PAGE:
Lena Henke: Heartbreak Highway
Lena Henke placed an ornate, bright red gate at the threshold to Heartbreak Highway at Real Fine Arts. Decorative tendrils suggesting ropes or braids, which seemed to loosely outline a feminine hairstyle, hung from a central bar that was blocking the gallery doorway when I arrived at the space, though the gate easily swung open when pushed. This work, Gridlock Sam and his partner (2016), was named for the New York cab driver turned transport engineer Sam Schwartz, who popularized the term “gridlock,” and introduces an exhibition that summons messy flows and movements—a kind of unlocking of grids.
Heartbreak Highway features porcelain sculptures of horses’ feet, glazed in creamy architectural speckles suggesting brickwork, contrasting with shiny smacks of dark lacquer around the hoof. As the shoe curves up and becomes a horse’s foot or leg, the forms become over-voluptuous and feminine, robust yet awkward. Two more movable gates are placed at the rear of the gallery, these ones ballet-ribbon shades of pink and peach, which outline the shape of a horse’s face and a girl’s face. Two of the horseshoe sculptures point slightly inward to face one another like a pair of large clumpy patent school shoes worn by a hesitant child.
The hollow forms of the hoof sculptures suggest buildings, however, several plastic milk containers create a kind of hybrid model home, made of junk and animal bodies. Messy, feminized forms, they suggest families—mothers and daughters in particular. The semi-opaque plastic of the milk bottle can be seen to describe a rudimentary model shelter or a doll’s house, while the milk is suggestive of mothering (as well as being the classic example of abjection as described in Julia Kristeva’s writing: “‘I feel like vomiting the mother,’ she writes as her lips touch the skin on some milk.”1) Several sculptures have vagina forms in them, crevices or cleavages with coins pushed into them as though into a slot in a laundrette. Burgeoning female sexuality, the girlish passion that young girls can have for horses, psychoanalysis, the gendered labor of cleaning and mothering—such themes are present in Henke’s exhibition as dredged issues, which have returned to us from the twentieth century like trash from a riverbed that has remade itself.
In New York, trash does return in such a way. Down at Dead Horse Bay in Brooklyn workers used to grind and melt down horse bones into glue, but today mid-century garbage regularly washes onto the shore, leaking from below the water’s surface. In 1926, the infamous city planner Robert Moses joined Barren Island in the bay to the rest of the Brooklyn landmass using sand and landfill waste. The connecting landmass is now leaking and seeps old waste into the surrounding water. The sound of chiming glass can be heard when waves hit the shore. Henke’s sculptures are amalgam, mutant forms that suggest a reconstituted world, a trash world, a ghost world, a female world that oozes beneath New York like a subconscience.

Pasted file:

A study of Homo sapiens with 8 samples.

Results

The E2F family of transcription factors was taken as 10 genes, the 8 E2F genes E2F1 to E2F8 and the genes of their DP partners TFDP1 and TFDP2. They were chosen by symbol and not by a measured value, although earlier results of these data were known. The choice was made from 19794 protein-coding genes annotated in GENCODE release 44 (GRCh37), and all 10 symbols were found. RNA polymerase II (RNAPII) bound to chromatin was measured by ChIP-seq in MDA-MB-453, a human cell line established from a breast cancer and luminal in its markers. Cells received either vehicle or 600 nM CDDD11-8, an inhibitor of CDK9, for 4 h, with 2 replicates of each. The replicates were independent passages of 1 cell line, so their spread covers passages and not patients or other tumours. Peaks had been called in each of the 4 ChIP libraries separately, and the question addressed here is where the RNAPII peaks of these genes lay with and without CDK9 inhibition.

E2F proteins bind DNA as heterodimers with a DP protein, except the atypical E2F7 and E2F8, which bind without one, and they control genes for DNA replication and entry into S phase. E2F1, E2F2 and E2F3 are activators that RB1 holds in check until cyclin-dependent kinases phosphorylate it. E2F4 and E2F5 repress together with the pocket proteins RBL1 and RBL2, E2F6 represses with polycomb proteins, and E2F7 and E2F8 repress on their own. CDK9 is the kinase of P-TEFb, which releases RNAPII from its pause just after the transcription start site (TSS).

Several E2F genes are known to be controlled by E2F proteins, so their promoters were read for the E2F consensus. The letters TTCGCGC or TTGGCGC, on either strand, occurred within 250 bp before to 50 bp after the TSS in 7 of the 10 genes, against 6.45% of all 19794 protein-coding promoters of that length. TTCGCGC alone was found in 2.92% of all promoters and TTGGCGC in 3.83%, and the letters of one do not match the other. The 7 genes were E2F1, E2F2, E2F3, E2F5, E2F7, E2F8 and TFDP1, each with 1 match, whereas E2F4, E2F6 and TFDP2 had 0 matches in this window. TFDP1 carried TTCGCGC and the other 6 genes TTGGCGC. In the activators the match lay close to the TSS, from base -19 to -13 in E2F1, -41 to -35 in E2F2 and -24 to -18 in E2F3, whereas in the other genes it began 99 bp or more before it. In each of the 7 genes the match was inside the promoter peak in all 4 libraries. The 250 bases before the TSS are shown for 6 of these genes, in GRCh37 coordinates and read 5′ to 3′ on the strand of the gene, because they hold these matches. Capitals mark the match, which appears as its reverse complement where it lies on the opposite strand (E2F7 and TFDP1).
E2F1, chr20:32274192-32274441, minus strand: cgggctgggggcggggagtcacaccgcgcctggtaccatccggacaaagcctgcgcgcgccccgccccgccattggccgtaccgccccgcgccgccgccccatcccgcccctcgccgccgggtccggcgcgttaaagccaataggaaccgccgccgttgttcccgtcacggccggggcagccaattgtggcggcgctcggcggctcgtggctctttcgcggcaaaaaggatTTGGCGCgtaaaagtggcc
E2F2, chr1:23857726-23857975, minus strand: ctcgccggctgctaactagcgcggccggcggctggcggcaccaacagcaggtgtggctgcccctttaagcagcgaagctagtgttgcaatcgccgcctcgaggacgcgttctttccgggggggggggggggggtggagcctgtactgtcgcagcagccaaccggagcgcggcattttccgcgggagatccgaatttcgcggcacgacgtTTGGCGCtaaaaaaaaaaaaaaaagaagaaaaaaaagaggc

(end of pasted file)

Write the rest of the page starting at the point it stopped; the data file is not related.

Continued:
A brutal line from Moses himself was used as a kind of epigraph to Heartbreak Highway in the press release; he describes developing in an overbuilt metropolis as akin to hacking with a “meat ax.” In light of his words, it’s possible to see the horse feet in the exhibition as violently dismembered. Indeed, the figure of Moses appears as a kind of bête noir in the exhibition. As well as touching associatively on his sloppy work at Dead Horse Bay, Heartbreak Highway stages a face-off with one of Moses’s most notorious works of butchery, the Brooklyn-Queens-Expressway (BQE), which tore through the surrounding neighborhood and today casts a towering shadow over Real Fine Arts’s space. Against the curlicues and contours of Henke’s works, Moses’s approach expresses extreme-edge rationality—a form of power that bulldozes through the world in straight lines—yet Henke extracts elements of wild surrealism at the center of this masculine vision, the leak that persists.
In Umberto Eco’s theory of the ”Open Work,” he describes artwork that speaks in a language of confusion, instability, and reconstituted parts as a form of social commitment or protest. The artist implicates herself by transforming the formal language into something unstable so as not to carry the sense of an orderly, coherent universe which cannot speak to a world in full crisis. “The moment an artist realizes that the system of communication at her disposal is extraneous to the historical situation she wants to depict, she must also understand that the only way she will be able to solve her problem is through the invention of new formal structures that will embody that situation and become its model.”2 Henke blocked out the windows of the gallery so that the BQE could not be seen, and in its place installed alcoves with small Lazy Susans, on which her ceramics were displayed. The spinning discs had four names each, which changed at different angles of rotation—Eugene, Barb, Joe, Ada, and so on—suggesting a neighborhood family around a dinner table in the early part of the twentieth century. This unstable work has no fixed position because certain ghosts do not rest, they transmogrify.
Henke’s models are irrational, animal, and sexualized, but is there anything rational about the BQE or the glass and steel towers erected all over the city in their hard phallic lines? The grid maintains its power overground, while beneath, the city’s subconscious expels new forms.
Laura McLean-Ferris is a writer and curator based in New York. She is adjunct curator at Swiss Institute and regularly writes essays, criticism, and interviews for Artforum, ArtReview, Art-Agenda, frieze, Mousse, Rhizome, and Flash Art International.
1. Julia Kristeva, Powers of Horror (Columbia University Press, New York, 1982), 56.
2. Umberto Eco, “Form as Social Commitment” in The Open Work, trans. Anna Cancogni (Harvard University Press, Cambridge, Massachusetts, 1989), 157.